Sold for scrap: A look at great buildings that were stupidly demolished
It's been said that the greenest building is the one already standing; Steve Mouzon adapted it to The greenest brick is the one already in the wall. In one of my many defences of Brutalist architecture I have paraphrased it as the greenest concrete is the stuff that's already poured.
Writing in the Guardian, on the occasion of the completion of a billion euro redevelopment of Les Halles, where a beloved market was demolished in 1974, I look at a number of great buildings that were stupidly demolished. It was a bit of a challenge; I wanted to avoid those that have been lost to war, fire or natural forces like earthquakes, and only included ones that were lost to greed, venality, carelessness or just plain stupidity. A few of them have been on TreeHugger, including the Cincinnati Public Library, Paul Rudolph's Orange County Administration Building, and of course, McKim Mead and White's Pennsylvania Station.
The article was supposed to be about more than just buildings, and was way too long, so the editor cut a few that I will recycle here:
© Janis Kravis
The Three Small Rooms, Toronto: A city not known for good design or good food is shocked to get both.
Like so many other buildings in Toronto, the historic Windsor Arms hotel got a facadectomy and was gutted to build a much larger combination hotel/condo tower, destroying those three small rooms in the basement.
© Janis Kravis
Restaurants come and go. In provincial Toronto, one barely noticed, they were all boring English style roast beef and yorkshire. Then in 1966 George Minden opened Three Small Rooms, with the latest Finnish design by Janis Kravis and food that as longtime critic Joanne Kates noted in her last review, “profoundly changed Toronto dining.” In retrospect it is hard to believe that one combination of good design and great food could make such a difference, but everyone of a certain age and income remembers it as if it was yesterday. You wouldn’t think that a restaurant could change a city, but this one did.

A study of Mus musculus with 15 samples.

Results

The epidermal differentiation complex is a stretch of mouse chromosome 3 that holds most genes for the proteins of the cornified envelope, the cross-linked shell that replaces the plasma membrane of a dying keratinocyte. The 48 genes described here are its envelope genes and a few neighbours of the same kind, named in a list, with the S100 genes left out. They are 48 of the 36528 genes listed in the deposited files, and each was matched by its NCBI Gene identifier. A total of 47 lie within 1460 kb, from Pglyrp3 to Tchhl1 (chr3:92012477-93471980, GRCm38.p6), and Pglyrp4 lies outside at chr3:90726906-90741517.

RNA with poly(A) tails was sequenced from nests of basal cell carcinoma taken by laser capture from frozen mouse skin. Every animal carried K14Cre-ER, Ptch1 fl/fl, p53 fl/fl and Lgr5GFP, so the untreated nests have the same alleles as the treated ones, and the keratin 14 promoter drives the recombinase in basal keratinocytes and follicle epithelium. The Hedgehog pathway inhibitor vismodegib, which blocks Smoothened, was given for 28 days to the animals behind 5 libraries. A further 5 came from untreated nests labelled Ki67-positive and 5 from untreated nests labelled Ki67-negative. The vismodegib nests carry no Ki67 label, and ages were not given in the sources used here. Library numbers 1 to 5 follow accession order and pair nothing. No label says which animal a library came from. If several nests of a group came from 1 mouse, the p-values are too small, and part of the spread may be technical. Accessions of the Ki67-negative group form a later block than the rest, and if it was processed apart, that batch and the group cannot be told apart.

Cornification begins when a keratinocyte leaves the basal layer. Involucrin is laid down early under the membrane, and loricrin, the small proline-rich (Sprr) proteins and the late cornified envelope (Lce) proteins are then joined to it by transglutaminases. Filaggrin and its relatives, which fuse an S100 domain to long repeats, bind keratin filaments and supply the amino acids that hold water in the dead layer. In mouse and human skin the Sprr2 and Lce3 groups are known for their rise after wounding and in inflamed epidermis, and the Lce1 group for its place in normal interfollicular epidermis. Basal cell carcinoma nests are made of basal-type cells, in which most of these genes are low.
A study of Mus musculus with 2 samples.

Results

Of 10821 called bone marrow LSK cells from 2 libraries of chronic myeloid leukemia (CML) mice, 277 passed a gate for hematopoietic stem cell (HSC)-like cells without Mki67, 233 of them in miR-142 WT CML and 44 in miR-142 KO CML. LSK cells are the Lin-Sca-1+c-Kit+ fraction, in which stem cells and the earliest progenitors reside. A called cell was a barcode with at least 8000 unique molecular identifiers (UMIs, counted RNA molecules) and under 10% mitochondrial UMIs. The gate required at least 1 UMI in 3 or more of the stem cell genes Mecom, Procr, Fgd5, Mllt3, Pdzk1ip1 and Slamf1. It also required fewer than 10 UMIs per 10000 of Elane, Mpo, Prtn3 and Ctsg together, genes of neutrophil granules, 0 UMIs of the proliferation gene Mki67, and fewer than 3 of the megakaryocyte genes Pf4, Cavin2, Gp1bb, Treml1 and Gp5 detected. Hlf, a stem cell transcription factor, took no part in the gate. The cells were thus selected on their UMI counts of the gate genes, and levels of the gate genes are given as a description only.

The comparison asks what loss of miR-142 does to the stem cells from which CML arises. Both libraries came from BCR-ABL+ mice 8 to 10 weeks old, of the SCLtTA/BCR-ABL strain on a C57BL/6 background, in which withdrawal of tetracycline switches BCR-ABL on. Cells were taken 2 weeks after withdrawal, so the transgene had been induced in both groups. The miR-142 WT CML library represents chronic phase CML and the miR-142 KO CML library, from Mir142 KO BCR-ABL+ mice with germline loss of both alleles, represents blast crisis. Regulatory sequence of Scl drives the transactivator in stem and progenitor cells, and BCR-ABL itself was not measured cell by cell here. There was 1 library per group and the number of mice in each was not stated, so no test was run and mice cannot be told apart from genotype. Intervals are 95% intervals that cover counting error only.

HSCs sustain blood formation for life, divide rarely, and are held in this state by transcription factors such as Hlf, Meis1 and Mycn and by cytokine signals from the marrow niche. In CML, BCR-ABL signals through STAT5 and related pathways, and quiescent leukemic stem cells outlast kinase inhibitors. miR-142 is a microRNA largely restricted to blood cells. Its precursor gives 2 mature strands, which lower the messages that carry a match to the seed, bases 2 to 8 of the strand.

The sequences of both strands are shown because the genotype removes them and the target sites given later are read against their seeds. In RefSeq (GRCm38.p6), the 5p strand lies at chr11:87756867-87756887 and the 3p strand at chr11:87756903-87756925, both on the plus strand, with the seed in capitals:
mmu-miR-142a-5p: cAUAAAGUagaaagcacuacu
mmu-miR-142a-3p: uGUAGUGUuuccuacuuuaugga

Janis Kravis is still at it, too; he recently completed another modern Scandinavian style restaurant in Toronto, Karelia Kitchen.
© Mitchell Park Domes. Photo by Edgar Mendez, courtesy of the Milwaukee Neighborhood News Service
I was asked to find some lost gems that were not buildings, so I consulted with Charles Birnbaum of The Cultural Landscape Foundation, who pointed me to the absolutely wonderful Mitchell Domes in Milwaukee, Wisconsin, that are now under threat. Credit to Charles was edited out so I thank him here for his help.
This is a stunning structure:
Designed by architect Donald Grieb and built in southern Milwaukee’s 61-acre Mitchell Park between 1959 and 1967, the Mitchell Park Domes are three cone-shaped horticultural conservatories, each seven stories high and supporting a different climate. Perched atop Milwaukee’s Menomonee Valley, the Domes are a horticultural learning center and an iconic symbol of the city,
Read more at the The Cultural Landscape Foundation.
Back at the Guardian, there are over six hundred comments where people are listing the buildings that they loved and lost; add yours there or if you like, right here in comments.